Incorporate a business to limit your personal liability and pass-thru profits (Subchapter S). An incorporated business exists as a separate legal entity and is singularly responsible for its bad debts. Starting your business is as easy as incorporating in any state. Incorporate your business, C or S corporation, in any state with our easy to use incorporation forms.

incorporation documents

S Corporations

What is an "S" corporation?  Put simply, an S corporation is a corporation that elects to pass corporate income, losses, deductions and credit through to its shareholders for federal tax purposes. To qualify for S corporation status, the corporation must meet the following requirements:

  • Be a domestic corporation;
  • Have only allowable shareholders, including individuals, certain trust, and estates and may not include partnerships, corporations or non-resident alien shareholders;
  • Have no more than 100 shareholders;
  • Have one class of stock;
  • Not be an ineligible corporation i.e. certain financial institutions, insurance companies, and domestic international sales corporations.

In order to become an S corporation, a corporation meeting the above-mentioned requirements must submit Form 2553 Election by a Small Business Corporation signed by all the shareholders.

C Corporations

What is a C corporation? Unlike most other entities, a C corporation is actually a taxable entity. A C corporation is taxed on its income as opposed to other structures, such as S-Corps and LLCs, which simply pass the income along to the owner(s), who are then taxed on that income. A major disadvantage of a C-Corp is double taxation.

Why is a C corporation subject to double taxation? To understand how double taxation occurs with respect to a C-Corp one need only consider the means by which the corporation distributes money to its shareholders, i.e., dividends.  The word "dividend" comes from the Latin word "dividendum", which translates to "thing to be divided".

  • Dividends are payments made by a corporation to its shareholder members, or more specifically, dividends are the portion of corporate profits paid out to shareholders. When a corporation makes a profit there are two (2) things it can do with it:  a) the corporation may retain the money for reinvestment, which is referred to as "retained earnings", or b) the corporation may distribute the profit, or portion thereof, to its shareholders. Distribution of profits to shareholders may be in the form of stock repurchase or cash. If the distribution is made in cash it is considered a dividend. Thus the money paid to the shareholder as a dividend of a C-Corp is taxed twice; once at the corporate level as corporate earnings and again at the personal level as  personal income to the shareholder. Most corporations retain a percentage of their earnings and distribute the remainder as dividends.

The difference in the monies paid to shareholders by a C-Corp and an S-Corp is that a C-Corp pays dividends while an S-Corp pays distributions. The C corporation dividends are taxable at the corporate level while the S corporation distributions are generally not taxable at the corporate level. Federal corporate income tax is imposed at graduated rates and where corporate taxable income is in excess of $335,000, the tax rate is 34-35% on that income. As an example, let's assume that a corporation has a profit of $100,000 (taxable income). Additionally, strictly for the purposes of this example, let us assume that the federal corporate tax rate on $100,000 is 20%. In addition, let's assume that the shareholder of the corporation has a combined personal tax liability (federal, state and local tax liability) of 40%. The following summarizes the affect of taxation on the corporate profits:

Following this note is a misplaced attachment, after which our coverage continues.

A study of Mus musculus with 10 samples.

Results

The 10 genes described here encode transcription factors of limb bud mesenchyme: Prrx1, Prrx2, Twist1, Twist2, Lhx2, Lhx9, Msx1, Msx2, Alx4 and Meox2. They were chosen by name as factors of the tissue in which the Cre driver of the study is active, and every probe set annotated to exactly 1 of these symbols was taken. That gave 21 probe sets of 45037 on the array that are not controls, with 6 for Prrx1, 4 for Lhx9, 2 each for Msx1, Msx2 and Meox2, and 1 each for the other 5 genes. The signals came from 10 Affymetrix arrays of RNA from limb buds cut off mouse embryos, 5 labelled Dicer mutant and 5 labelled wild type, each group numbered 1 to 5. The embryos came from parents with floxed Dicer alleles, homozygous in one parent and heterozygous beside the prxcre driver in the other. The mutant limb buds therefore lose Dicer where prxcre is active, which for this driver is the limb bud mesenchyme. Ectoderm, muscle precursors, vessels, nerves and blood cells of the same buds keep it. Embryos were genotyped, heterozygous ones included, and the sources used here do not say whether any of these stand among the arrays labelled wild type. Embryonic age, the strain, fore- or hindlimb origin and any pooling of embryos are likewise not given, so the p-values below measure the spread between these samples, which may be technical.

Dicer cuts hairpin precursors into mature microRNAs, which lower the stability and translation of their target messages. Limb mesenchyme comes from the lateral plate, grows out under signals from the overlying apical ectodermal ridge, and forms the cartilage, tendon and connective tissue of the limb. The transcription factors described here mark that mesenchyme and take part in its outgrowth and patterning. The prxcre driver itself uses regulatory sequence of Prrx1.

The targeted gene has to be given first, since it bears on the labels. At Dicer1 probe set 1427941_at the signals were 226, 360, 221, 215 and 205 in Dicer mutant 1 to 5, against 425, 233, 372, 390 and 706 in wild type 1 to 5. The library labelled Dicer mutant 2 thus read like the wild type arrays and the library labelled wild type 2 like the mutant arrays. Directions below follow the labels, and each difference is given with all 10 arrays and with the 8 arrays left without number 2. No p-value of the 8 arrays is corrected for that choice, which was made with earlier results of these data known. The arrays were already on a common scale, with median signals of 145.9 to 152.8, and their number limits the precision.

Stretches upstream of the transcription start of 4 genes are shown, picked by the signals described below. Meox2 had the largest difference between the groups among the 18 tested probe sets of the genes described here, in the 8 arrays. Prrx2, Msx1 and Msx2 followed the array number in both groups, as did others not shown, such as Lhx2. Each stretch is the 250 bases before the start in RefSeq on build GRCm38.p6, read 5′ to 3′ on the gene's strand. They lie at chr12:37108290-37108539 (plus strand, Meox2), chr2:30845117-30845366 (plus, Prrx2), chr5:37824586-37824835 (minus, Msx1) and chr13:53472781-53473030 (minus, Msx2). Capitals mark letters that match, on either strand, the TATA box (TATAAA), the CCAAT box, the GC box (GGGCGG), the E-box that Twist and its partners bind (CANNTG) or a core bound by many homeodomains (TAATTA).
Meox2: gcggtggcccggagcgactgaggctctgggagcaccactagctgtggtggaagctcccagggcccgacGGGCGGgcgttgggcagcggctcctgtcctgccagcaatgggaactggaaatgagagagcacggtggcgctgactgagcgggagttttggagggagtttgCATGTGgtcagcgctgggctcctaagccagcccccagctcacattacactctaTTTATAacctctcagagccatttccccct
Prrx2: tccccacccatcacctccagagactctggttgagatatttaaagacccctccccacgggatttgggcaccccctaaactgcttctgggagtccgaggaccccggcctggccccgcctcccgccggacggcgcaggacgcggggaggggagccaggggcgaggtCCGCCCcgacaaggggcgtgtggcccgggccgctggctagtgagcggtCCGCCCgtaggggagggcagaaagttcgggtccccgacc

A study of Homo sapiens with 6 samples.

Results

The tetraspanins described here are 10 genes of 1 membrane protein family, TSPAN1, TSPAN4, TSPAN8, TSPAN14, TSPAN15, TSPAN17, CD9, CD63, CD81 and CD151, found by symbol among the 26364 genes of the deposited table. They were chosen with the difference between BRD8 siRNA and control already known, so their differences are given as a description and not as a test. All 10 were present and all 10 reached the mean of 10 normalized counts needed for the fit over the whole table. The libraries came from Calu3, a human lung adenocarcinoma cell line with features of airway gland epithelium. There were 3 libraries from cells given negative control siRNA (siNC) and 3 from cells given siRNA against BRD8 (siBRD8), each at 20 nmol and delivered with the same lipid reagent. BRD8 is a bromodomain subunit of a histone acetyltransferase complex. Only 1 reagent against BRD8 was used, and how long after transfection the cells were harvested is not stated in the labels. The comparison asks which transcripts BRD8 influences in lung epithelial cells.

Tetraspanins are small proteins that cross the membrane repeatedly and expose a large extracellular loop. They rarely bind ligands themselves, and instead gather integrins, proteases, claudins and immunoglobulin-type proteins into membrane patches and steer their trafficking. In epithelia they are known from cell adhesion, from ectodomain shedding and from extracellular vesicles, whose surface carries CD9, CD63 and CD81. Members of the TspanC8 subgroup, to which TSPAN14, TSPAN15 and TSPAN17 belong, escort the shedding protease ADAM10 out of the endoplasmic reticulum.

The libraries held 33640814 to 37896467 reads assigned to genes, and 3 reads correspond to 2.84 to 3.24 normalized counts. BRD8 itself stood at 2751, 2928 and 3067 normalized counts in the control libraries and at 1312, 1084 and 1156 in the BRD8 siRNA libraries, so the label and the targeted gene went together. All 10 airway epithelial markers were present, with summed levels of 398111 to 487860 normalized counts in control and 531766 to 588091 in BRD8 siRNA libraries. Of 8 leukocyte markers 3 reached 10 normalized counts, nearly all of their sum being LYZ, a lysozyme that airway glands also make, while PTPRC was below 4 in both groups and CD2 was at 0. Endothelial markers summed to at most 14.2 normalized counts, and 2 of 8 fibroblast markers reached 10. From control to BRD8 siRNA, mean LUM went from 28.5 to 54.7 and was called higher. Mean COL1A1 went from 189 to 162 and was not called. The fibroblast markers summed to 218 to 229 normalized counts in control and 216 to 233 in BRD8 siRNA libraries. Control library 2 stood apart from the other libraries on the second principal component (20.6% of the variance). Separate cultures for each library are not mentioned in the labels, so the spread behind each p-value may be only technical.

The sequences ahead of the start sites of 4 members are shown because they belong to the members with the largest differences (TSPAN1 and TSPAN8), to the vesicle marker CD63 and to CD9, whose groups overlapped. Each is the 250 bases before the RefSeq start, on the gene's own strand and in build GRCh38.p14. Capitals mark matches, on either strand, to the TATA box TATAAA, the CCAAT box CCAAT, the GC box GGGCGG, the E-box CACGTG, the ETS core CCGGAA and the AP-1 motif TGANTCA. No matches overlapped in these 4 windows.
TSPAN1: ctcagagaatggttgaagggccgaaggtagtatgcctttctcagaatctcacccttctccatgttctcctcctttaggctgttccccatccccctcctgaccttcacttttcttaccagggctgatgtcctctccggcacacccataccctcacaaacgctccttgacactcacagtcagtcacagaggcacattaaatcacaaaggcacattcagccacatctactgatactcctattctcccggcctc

• C corporation:  First, there is not $100,000 for the C-Corp to pay as a dividend since 20% (assumed for our example) is deducted for taxes. The result is $80,000 available for dividends. If the available $80k is paid out as a dividend, the shareholder would pay $32k (40% of $80k) in taxes. The net to the shareholder would be $80k - $32k =$48k.
  • S corporation: Since profits are not taxed at the corporate level the entire $100k would be distributed to the shareholder.  The shareholder would pay $40k (40% of $100k) in taxes. The net to the shareholder would be $100k - $40k = $60k.

From an accounting, tax and legal aspect, both S and C corporations are more complicated to operate than sole proprietorships, partnerships or LLCs. Incorporating is more expensive, requires more paperwork and taxes. Consequently, corporations tend to have higher legal and accounting costs.

The major benefit of incorporating is the protection of owners and shareholders from personal liability for the corporation's debts or actions. The same is true for limited liability companies. This is also referred to as the "corporate veil" - a legal concept that separates the personality of a corporation from the personalities of its shareholders, and protects them from being personally liable for the company's debts and other obligations.

The most popular form of limited liability protection is an LLC. Learn how to form an LLC.

For those wishing to incorporate, consider that Incorporate Online services merely mail your forms for a substantial fee. As an alternative, you can download your business incorporation forms, type the information directly into the form and mail with the appropriate fees resulting in a savings of $75 - $150.

When can a corporation start transacting business? A corporation’s existence begins when its articles of incorporation are filed with the Secretary of State.